15 November 2011
The Devonwall question, playing out before the Boundary Commission for England, has thrown up some interesting claims about levels of support for the desire to keep constituencies entirely in Cornwall with no Devonwall seat in both Cornwall and Devon.
As I see it, the thrust of the claims is twofold: the opposition to Devonwall is widespread throughout Cornwall and that opposition is felt strongly. The basis of the opposition seems to me to be that Cornwall is unique, singularly different from other counties, and should therefore be treated accordingly.
Let me unravel this.
Opposition is felt strongly. Yes, it is but people feel strongly on all sorts of matters – vegetarianism, war in Afghanistan, who should win a contest on television. Other criteria are required to weigh against the strength of feeling. Additionally, noise is not numbers and more accurately one should say some people feel strongly about the question.
Opposition is widespread, nigh universal in Cornwall. Well, assertion is not proof and the figures that are public do not support this claim. I earlier looked at the unimpressive public numbers in the roundup post Cornwall border. Very, very few of the roughly 430 000 adults in Cornwall have rallied or signed public petitions about this; of course I do not know how many have fumed privately or written private letters about it and the Boundary Commission will presumably tell us in time how many wrote to it from Cornwall opposing Devonwall. I am dealing here with public expressions of opposition. The most popular petition that I have seen got 453 signatures, the Saltash rally was poorly supported. At the public session of the Commission on 10 November at Truro the Western Morning News reported that “the room was near-empty for the daytime debate, with only around a dozen people”. There is no current public evidence of widespread opposition to Devonwall or even interest in the question among people in Cornwall. A few certainly feel strongly against Devonwall; most do not, or at any rate do not express any opinion, for or against. The current public evidence suggests that the vast majority of people in Cornwall are not engaged by this question.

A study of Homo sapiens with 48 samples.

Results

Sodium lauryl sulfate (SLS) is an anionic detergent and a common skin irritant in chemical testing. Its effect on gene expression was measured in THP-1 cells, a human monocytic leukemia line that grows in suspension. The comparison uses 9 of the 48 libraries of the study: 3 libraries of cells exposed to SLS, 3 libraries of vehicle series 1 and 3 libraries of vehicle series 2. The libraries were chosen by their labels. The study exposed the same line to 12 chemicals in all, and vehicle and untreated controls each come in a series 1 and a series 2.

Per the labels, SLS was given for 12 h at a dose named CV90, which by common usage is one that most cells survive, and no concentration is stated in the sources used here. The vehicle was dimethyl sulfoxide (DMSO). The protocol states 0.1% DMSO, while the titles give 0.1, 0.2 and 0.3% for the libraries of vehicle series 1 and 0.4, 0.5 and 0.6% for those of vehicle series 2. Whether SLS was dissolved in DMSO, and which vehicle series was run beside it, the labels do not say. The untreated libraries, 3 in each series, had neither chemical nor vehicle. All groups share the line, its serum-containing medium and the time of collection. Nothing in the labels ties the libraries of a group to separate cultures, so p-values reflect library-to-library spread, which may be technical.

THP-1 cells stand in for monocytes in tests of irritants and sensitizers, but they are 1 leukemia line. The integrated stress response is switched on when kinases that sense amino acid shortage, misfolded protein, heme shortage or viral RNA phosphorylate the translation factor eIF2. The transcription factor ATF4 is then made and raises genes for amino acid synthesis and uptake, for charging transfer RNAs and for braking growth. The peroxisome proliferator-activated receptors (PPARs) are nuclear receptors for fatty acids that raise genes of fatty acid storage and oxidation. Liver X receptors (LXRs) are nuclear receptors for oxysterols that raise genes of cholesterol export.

Unique and essential
Let me now look at two particular arguments against Devonwall.
Cornwall is unique and special. I looked at this in my post Ubiquitous uniqueness. Yes, Cornwall is unique and special and so is every other place in England as the Lords debate explored in that post showed. Additionally, I think some of the Cornwall claims under this head are not so much to do with ideas about a unique county but rather are based on the view that Cornwall is a separate country from England, that is, they are expressions of Cornish nationalism.
The border is essential to Cornwall’s uniqueness. I have looked at uneventful crossings of the border in this post; by housing benefit, for example, where economic similarities between parts of Cornwall and Devon are seen as strong enough to make a common area for broad market rental criteria sensible. Recently I noted in the post Crossing the Tamar a report that “Somewhere in the region of a quarter of Cornish [health] patients do not go to Truro; they go to Plymouth” (Judith JOLLY, Lords Hansard 2 November 2011 column 1325).
The Cornwall/Devon border is regularly disregarded with no ill effect in Cornwall. I do not believe that these crossings of the border have diminished the reality of Cornwall and I do not believe that a cross-border constituency will either.
None of this affects arguments about the rightness or wrongness of cutting the number of parliamentary seats, of a five percent leeway, of crossing over perceived community boundaries: but these questions were decided, if not settled, by Parliament and are irrelevant in practical terms now.